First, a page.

WEST CARLETON – The Deep Roots Food Hub’s Sept. 22 annual general meeting will also serve as the official opening of the organization’s now-completed root cellar.
“Unofficially dubbed ‘The Queen of Root Cellars’ in a recent Ottawa Citizen article, the Deep Roots Food Hub is proud to announce the official opening of its off-grid, high-tech root cellar,” the organization’s board released in a statement. “This exciting venture will help to address nutrition, food security and sovereignty, and climate change. We very much hope that you will join us.”
The AGM is scheduled for Tuesday, Sept. 22 from 6:30 p.m. to 8 p.m. Dress appropriately, because it is an outdoor meeting.
“This will be a COVID-19-sensitive outdoor meeting, requiring screening, masks, social distancing and contact information,” organizers said. “The only exception will be a brief tour of the root cellar itself, limited to 10 (masked) people at a time.”
The highlight of the meeting will be a tour of the modern root cellar.
“Tour this unique root cellar, capable of keeping more than 50,000 lbs of food safe through the Canadian winter using only a small amount of solar power, storage batteries, fans and geothermal heat,” the board said. “Sprott Business School (Carleton University) is partnering with Deep Roots Food Hub to create a sustainable business plan that addresses farmers, consumers, health and the planet. Consider joining the team that will take this forward by volunteering to join the board, and/or volunteering otherwise.”
The Deep Roots Food Hub, a non-profit group based in West Carleton, spent the last 18 months building an above-ground and off-grid root storage structure on NCC land close to the Federal Government’s Communication Research Centre’s campus on the western portion of Carling Avenue. Our community-funded facility provides small-scale vegetable growers with a post-season sustainable and energy-efficient storage facility providing longer root crop storage and extended sales and/or distribution possibilities.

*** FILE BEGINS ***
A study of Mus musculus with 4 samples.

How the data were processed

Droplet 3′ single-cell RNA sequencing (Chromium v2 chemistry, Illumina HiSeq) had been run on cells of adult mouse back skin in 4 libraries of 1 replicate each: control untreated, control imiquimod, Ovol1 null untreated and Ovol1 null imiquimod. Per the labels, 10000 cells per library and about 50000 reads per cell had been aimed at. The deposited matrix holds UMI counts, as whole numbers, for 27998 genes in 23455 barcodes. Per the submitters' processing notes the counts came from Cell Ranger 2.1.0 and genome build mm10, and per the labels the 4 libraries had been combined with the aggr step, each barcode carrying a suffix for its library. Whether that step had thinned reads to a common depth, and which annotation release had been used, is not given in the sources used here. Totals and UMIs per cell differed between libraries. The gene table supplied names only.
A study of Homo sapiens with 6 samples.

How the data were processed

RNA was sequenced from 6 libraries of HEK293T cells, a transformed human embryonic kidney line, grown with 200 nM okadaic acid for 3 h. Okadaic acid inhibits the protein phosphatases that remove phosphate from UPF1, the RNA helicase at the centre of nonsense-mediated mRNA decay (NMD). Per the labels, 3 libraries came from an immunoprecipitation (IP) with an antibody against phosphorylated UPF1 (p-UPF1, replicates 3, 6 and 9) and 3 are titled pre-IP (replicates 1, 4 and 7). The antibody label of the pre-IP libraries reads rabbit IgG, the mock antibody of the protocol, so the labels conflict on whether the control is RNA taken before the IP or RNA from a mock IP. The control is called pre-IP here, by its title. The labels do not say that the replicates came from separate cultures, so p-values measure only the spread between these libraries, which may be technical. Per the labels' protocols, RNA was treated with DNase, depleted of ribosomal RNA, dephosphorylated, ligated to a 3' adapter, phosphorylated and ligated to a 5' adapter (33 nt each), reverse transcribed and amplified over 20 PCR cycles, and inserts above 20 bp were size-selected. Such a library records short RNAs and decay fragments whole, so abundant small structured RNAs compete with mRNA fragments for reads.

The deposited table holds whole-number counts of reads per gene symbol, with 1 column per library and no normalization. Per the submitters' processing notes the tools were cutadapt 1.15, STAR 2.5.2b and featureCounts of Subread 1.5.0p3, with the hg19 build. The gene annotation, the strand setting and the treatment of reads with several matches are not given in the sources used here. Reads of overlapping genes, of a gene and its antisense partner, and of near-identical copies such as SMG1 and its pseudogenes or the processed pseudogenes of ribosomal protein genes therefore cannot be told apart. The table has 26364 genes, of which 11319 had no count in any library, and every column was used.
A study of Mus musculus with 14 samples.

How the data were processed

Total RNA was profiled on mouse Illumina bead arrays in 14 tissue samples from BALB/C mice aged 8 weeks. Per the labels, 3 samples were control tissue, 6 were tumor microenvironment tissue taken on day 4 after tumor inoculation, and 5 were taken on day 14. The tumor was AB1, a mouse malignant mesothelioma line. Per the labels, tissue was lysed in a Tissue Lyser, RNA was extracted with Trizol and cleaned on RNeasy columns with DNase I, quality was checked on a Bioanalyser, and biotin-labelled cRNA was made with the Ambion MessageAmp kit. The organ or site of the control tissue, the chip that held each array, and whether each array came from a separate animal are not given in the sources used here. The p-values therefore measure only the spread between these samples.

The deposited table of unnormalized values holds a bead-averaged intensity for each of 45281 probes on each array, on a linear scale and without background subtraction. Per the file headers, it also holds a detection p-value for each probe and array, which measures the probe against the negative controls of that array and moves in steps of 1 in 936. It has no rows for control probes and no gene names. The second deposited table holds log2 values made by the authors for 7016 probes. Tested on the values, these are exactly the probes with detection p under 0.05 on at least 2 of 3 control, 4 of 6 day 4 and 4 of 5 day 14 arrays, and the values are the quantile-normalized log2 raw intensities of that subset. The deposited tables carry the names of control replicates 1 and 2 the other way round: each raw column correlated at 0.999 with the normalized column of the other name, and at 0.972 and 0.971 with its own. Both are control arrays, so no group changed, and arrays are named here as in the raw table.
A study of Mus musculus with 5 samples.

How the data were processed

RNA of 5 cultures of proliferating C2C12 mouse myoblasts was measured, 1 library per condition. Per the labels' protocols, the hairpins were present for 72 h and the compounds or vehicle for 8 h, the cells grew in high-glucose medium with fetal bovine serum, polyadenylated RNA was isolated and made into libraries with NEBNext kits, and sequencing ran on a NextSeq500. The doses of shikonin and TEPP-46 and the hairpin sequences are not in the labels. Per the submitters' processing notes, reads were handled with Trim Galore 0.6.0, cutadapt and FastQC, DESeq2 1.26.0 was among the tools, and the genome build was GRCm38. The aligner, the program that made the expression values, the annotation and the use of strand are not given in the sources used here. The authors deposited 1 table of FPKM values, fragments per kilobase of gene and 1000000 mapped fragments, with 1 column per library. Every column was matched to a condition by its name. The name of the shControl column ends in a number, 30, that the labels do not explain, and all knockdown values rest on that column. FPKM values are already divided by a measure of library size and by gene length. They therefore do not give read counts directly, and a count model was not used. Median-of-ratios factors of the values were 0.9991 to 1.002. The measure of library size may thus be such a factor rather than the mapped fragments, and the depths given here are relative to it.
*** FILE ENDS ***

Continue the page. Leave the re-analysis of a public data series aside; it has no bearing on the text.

The innovated Quonset-styled metal building is designed to capture and circulate ground-sourced geothermal heat to maintain a near-constant + 2 C. temperature and 90 to 95 per cent humidity within the structure’s root storage chamber. The off-grid design utilizes three solar panels and four 12-volt vehicle batteries to capture and store energy to power the air circulation fans, monitoring instrumentation and required interior lighting. The root cellar’s modular structure allows for future expansion by simply adding arch sections to achieve any desired length.
An eight-inch layer of spray foam insulation, with a fire-proof and water-proof membrane, has been applied to the inside of the storage chamber’s arched walls. The perimeter of the building, to five feet beyond the concrete footings, is insulated with high-density insulation panels reducing the transfer of frost to the inner wall and under-floor soils of the root cellar. The storage chamber’s insulated floor is raised, supported by cement blocks, to allow under-floor air circulation of cool air (passively transmitted, in winter time, through the insulated walls) or naturally-warmed air, tempered by the underlying soils, to maintain the desired interior root storage temperatures.
The root cellar’s storage chamber is 25’ (W) X 24’ (L) or 600 square feet. There is also a 25′ (W) X 12′ (L) entrance chamber where utilities, air inlet and outlets, and storage batteries are housed. It is estimated that the storage area will accommodate up to 60,000 pounds (approximately 27,000 kgs.) of produce.
The Deep Roots Food Hub also hopes to fill some positions at the AGM.
“Please consider joining the board,” the board said. “We have four vacant positions. Meetings are monthly.”
The Deep Roots Food Hub is asking attendees to pre-register for this event. If you are interested in attending, you can register here.